Tuesday, September 8, 2009

Hedging Leads to Short-Term Actions with Long-Term Consequences

Why would natural gas production companies continue to produce in the face of rapidly filling storage reserves and plunging pricing?  Recently I read an interesting article suggesting commodities price hedging creates a perverse incentive for gas producers to continue to produce in this terrible market environment.  Why would I shut down production if I’ve locked in prices at double the current market rate for X% of my gas?  Cool, right?  Maybe for them in the near term, but it’s not good for the industry as a whole, and it might have dire consequences for certain companies, even those currently over-producing.  There are short-term decisions being made today with significant long-term consequences, and there will be some victims.

Chesapeake CEO Aubrey McClendon famously said in the company's second quarter earnings call that his company wasn't going to take it on the chin for the team and curtail production if the other guys on the natgas team weren't going to join in.  Business among competitors is not a team sport (that would be collusion), but one can certainly see the attraction of a cartel like OPEC that can set targets and make production adjustments from the top.  It doesn’t work perfectly, but it helps moderate oil prices. Natural gas prices, by comparison, just swing around wildly.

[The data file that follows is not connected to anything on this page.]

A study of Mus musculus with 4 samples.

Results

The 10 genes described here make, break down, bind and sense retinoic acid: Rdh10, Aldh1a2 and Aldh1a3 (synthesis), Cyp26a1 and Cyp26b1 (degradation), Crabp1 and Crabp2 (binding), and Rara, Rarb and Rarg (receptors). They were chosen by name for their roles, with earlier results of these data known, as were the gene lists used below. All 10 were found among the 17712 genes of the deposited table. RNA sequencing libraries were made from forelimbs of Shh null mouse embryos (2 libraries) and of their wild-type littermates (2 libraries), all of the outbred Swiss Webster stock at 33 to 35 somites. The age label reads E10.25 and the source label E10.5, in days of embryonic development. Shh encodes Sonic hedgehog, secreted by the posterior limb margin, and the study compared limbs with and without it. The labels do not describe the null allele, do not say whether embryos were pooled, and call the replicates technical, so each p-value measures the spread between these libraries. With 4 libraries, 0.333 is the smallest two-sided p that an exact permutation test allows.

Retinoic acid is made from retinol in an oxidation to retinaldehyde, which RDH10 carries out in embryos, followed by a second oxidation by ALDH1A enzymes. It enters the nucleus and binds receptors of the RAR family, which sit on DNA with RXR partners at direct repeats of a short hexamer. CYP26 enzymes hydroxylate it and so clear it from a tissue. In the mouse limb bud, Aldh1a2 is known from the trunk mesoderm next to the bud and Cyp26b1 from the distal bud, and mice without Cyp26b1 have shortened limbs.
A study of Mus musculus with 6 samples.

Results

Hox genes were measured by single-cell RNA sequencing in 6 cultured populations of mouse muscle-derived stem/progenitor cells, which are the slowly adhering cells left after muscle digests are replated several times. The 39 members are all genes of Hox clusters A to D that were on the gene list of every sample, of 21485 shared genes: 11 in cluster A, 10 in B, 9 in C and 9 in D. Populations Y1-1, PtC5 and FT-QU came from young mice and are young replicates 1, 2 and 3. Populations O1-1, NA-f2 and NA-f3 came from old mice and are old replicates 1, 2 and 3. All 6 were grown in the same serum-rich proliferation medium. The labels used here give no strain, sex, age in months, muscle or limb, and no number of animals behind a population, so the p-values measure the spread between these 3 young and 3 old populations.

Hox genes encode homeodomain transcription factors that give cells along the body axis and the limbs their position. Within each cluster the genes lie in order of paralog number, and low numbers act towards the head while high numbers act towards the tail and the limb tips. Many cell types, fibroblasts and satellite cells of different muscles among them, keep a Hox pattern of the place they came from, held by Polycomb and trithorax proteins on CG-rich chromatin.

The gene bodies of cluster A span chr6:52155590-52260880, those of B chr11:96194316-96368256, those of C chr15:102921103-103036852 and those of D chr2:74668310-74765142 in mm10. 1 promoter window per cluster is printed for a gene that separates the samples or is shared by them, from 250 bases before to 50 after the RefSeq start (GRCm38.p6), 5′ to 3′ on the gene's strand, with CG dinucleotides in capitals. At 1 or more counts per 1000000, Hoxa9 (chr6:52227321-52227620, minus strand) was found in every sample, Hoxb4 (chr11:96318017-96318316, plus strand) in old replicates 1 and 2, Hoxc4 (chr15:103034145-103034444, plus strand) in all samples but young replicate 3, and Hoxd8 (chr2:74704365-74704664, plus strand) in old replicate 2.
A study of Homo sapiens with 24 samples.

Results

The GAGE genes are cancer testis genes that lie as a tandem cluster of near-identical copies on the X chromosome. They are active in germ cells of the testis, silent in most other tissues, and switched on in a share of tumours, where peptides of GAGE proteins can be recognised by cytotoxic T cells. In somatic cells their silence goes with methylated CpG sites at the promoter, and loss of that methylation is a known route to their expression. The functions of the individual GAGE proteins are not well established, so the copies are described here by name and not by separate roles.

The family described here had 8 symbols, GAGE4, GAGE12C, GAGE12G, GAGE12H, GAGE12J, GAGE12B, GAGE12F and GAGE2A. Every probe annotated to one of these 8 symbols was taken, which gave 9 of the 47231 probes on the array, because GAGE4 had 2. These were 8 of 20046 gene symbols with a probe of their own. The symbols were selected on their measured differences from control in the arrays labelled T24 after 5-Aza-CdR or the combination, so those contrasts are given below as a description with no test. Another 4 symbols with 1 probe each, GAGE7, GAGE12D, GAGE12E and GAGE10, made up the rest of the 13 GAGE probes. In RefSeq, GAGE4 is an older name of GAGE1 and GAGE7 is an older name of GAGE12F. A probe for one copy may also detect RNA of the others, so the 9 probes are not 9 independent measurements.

It is unfortunate to see the natural gas industry on one hand banding together to lobby Washington for better treatment, while on the other hand sowing the seeds of its own destruction.  Don’t get me wrong:  hedging done well is a very good business practice, but continuing to produce heavily in the current market environment is bad for the industry as a whole. 

Each company has its own issues and has to do what is best for it, especially those with loads of bank debt.  It is not their jobs to protect their brethren.  But if the natural gas industry wants to be taken seriously, it has to realize that the extreme price volatility in the industry over the past two years is not helpful in making its case to policy makers that gas is the stable fuel of the future.